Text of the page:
It Follows takes an early lead for the best horror movie of 2015.

First and foremost, try not to read anything about this film – just go and see it! This is a film best delivered with limited knowledge. To preserve that, even this review won’t go into the plot.

Written and directed by David Robert Mitchell, It Follows is one of those rare films that couples its small budget with unique, original ideas to create a fantastic horror film. The film stars Maika Monroe, from last year’s genre gem The Guest, with support from Keir Gilchrist, Daniel Zovatto, and a handful of other indie actors you might recognize.

As mentioned, I won’t go into the plot, but this is definitely one of the most entertaining and creative horror films of recent memory. Rarely do films make me jump, but It Follows has a fair share of genuine scares. It’s disturbing to no end, with a premise that left me wondering what sick and twisted producer had the gall to let this go into production. It’s super dark, yet parallels so many common coming of age elements that it is ultimately brilliant. The cast wonderfully delivers on fulfilling their caricatures of typical teenage stereotypes, as do the scenarios and locations presented.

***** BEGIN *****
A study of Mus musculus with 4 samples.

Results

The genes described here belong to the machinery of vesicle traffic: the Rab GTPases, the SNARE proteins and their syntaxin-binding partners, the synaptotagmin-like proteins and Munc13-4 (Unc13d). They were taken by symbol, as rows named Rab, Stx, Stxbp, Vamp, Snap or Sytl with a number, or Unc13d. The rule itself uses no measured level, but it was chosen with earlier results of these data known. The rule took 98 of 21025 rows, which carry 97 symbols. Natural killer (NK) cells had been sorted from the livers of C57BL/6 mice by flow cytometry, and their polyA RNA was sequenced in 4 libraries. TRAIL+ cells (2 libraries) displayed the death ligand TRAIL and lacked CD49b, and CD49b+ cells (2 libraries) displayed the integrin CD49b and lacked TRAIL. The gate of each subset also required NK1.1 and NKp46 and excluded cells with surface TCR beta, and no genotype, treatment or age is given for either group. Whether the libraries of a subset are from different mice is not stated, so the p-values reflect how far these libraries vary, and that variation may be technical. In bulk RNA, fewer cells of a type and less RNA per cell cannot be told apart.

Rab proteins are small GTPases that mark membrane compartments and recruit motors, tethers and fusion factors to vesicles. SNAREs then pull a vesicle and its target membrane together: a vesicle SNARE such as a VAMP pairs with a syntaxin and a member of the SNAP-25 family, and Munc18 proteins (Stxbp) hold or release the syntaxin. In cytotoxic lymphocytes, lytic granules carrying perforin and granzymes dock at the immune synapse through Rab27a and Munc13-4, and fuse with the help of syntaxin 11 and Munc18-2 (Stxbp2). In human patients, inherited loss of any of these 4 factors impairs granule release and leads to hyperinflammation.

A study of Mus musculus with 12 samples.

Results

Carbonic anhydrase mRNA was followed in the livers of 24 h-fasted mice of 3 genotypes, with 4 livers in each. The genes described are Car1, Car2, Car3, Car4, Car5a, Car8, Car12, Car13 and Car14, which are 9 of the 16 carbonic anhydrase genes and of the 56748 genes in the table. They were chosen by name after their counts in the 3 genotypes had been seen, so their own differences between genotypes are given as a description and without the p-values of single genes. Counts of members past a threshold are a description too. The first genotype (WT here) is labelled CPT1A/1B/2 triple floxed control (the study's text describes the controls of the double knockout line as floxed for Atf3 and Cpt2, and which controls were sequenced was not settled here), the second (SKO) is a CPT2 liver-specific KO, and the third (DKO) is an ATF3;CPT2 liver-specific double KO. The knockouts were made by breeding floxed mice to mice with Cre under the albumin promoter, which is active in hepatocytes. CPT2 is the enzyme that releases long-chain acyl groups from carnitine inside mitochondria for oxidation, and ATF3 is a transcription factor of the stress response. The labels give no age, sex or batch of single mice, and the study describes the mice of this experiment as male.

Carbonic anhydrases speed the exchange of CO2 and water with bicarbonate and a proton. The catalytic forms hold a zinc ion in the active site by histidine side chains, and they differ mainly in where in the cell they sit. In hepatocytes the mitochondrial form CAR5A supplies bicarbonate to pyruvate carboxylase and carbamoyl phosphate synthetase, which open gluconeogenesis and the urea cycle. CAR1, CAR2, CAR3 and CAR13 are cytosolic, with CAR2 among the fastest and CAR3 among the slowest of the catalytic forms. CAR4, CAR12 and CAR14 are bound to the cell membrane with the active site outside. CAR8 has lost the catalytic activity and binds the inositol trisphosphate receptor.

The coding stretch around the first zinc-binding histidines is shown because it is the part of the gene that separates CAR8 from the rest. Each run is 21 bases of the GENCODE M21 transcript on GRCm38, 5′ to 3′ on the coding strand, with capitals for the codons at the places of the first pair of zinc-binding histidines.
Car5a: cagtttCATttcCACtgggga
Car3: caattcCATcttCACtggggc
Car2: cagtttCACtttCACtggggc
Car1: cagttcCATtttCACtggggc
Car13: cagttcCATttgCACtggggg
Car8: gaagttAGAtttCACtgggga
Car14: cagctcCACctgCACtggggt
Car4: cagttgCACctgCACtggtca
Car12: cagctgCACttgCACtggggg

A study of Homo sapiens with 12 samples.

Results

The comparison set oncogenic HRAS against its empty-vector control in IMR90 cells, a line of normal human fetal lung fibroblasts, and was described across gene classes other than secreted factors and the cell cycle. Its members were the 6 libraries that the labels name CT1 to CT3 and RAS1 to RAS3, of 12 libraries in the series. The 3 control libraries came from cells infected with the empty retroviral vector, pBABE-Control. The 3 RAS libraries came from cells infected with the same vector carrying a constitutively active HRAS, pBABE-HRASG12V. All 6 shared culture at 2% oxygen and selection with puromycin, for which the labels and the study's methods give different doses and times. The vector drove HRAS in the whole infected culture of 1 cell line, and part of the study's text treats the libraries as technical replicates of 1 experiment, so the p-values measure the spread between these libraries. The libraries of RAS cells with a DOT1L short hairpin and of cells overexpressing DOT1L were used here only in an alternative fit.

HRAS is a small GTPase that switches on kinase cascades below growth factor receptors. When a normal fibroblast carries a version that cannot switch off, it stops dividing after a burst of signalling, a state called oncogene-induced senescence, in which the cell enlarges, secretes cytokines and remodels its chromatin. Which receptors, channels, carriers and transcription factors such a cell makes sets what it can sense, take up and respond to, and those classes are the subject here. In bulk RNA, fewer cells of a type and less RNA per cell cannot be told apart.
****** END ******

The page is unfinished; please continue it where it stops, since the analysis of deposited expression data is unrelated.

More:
Cinematography, music, and sound design are all hugely successful, and work hand-in-hand to supplement the intense genre story on display. Direction from Mitchell is unique, and the film most certainly has it’s own purposeful feel for each sequence.

The one downfall to It Follows, is that I think the review hype and subsequent Twitter rants about its greatness are a little overdone. Don’t get me wrong, It Follows is really, really great. It will probably be one of my favorites of this year. But I don’t know that it is the messiah of horror films some are making it out to be, nor the kickstart of genre films we got with something like The Cabin in the Woods.

Still, It Follows is something to seek out, especially now that it has expanded to more theaters. It’s always great to see that happen, and I’m curious to see where David Robert Mitchell goes from here.